At a Dec. 18 meeting, Nelson council’s plan to step up its requirements for energy efficiency in new buildings as of Jan. 1 was put off until March.
The move would require new houses and small commercial buildings to be built to Step 3 of the BC Energy Step Code.
The delay was sparked by Councillor Cal Renwick, who said he had been approached by a contractor who was concerned that the move would increase building costs.
“Where I struggle with this,” Renwick said, “is if we say you must build to Step 3 this makes things unaffordable for people who build ‘spec homes’ [houses built and owned by the contractor for eventual sale].”
The BC Energy Step Code is a series of five steps, each with increasingly advanced energy saving standards. Step 1 is the status quo, Step 2 means increasing efficiency above the status quo by 10 per cent, Step 3 by 20 per cent, and Step 4 by 40 per cent. The fifth step is a net-zero building that produces as much energy as it uses.
The province’s goal is to have all new residential buildings at zero heat loss by 2032, but for the time being the province has made it voluntary for municipalities to adopt the Step Code. Many, including Nelson, have incorporated it into their building bylaws.
But there are deadlines. According to provincial legislation all residential buildings in B.C. must be at Step 3 by 2022. So after a certain point, the city will no longer have a choice.
Until now, all new residences in Nelson have had to be built to Step 1.
In September, council passed three readings of a bylaw to require Step 3 in all new Nelson buildings starting in 2021, but left final adoption of the bylaw to its Dec. 18 meeting, where it was met with Renwick’s objection.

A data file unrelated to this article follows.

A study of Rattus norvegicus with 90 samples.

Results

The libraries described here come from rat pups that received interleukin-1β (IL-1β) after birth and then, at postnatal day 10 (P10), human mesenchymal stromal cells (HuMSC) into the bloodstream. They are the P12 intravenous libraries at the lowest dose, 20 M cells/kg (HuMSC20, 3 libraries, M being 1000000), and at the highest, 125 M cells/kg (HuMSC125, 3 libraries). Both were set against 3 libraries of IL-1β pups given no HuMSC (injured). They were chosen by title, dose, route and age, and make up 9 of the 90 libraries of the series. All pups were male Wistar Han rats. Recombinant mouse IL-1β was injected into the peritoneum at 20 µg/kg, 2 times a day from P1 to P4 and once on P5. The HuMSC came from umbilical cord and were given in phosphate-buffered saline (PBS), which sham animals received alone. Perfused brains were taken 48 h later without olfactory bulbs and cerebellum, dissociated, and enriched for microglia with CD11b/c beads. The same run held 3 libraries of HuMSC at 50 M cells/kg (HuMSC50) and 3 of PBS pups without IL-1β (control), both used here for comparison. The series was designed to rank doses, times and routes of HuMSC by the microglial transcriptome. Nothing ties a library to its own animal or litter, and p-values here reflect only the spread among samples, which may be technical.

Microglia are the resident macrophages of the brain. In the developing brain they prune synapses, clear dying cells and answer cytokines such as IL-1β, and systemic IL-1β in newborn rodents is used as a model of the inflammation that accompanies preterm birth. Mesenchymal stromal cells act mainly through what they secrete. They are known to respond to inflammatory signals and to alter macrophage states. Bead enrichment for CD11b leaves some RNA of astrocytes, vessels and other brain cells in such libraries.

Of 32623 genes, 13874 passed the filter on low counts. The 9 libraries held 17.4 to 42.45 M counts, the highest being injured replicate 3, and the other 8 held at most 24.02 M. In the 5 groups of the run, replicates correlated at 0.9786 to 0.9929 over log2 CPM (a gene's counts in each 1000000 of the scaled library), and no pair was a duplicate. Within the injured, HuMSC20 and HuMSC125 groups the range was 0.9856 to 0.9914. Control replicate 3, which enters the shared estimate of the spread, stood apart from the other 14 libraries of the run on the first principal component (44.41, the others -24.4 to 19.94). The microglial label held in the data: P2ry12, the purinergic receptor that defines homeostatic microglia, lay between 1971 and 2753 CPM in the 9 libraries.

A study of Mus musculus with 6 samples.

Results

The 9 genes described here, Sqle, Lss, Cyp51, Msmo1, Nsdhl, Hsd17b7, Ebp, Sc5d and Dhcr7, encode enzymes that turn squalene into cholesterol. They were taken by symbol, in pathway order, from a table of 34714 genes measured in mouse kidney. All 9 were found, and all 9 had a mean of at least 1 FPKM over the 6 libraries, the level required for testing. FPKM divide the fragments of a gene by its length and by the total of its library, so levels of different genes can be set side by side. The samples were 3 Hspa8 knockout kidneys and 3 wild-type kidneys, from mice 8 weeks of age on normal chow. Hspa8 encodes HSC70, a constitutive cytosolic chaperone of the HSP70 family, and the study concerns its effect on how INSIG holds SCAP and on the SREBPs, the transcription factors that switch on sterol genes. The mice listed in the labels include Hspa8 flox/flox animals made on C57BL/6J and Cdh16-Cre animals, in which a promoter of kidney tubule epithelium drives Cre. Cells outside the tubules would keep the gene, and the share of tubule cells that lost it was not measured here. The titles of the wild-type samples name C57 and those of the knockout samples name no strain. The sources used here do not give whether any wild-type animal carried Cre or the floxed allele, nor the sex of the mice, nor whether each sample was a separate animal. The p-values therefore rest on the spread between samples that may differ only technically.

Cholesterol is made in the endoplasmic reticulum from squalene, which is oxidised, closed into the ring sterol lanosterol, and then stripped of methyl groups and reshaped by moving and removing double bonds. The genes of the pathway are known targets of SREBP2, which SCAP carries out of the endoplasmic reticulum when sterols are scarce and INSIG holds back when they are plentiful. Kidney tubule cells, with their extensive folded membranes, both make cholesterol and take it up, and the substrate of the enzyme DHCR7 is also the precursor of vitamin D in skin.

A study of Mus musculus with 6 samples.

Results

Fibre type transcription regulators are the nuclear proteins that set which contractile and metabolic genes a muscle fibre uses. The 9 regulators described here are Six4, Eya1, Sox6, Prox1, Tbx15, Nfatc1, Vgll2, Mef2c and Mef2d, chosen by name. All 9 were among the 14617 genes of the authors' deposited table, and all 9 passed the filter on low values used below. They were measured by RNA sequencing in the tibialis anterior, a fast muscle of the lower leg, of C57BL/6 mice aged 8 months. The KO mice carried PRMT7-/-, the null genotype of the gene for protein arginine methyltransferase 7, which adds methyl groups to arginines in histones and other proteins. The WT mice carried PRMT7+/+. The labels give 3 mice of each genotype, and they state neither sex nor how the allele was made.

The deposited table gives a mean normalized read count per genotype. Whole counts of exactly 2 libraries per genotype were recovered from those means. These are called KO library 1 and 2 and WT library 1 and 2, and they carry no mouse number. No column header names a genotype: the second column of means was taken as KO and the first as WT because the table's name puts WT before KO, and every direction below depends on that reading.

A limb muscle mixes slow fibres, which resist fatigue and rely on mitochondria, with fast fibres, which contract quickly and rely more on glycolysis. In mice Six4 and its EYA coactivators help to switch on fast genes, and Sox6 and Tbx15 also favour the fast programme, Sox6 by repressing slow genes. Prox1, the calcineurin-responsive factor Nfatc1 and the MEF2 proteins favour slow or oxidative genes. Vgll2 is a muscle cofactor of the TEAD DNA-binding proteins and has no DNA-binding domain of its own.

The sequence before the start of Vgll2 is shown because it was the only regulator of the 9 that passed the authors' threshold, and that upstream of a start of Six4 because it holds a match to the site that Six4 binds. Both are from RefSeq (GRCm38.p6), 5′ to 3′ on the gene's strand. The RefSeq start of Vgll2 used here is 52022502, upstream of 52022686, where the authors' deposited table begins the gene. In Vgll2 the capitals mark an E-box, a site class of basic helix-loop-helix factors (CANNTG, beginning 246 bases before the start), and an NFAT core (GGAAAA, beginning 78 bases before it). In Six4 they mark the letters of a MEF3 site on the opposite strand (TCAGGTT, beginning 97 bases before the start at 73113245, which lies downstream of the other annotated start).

Mayor John Dooley agreed with Renwick, suggesting the bylaw be put off for three months to have a meeting with Nelson contractors to hear their concerns, and to consult the city’s advisory planning committee and its housing committee.
He and Renwick said they had heard rumours about moisture problems in buildings in Kimberley that were related to Step Code increases.
“They [contractors] are learning on your house as they go,” Renwick said, “and they might get it right and they might not, and if they don’t, who will pay? And what if your insurance company says it should not have been done that way and they aren’t going to cover you?”
City building inspector Sam Ellison told council that houses can be built to Step 3 at virtually no extra cost because most of the extra expense involves improving the airtightness of the home.
To get certified as Step 3, a home has to undergo a blower-door test that measures air leakage from the home. The test must be done by a certified energy auditor, and Ellison said he is applying for a grant from Fortis that would cover that expense.
Ellison said most new houses in Nelson are already being built to Step 3 standards.
“We have some good builders in town and even without trying very hard they are already building these houses, and it seems to be what people want,” Ellison told council at a September meeting
The bylaw, which will now come back to council in March, would also require large commercial buildings to meet the standards of Step 2.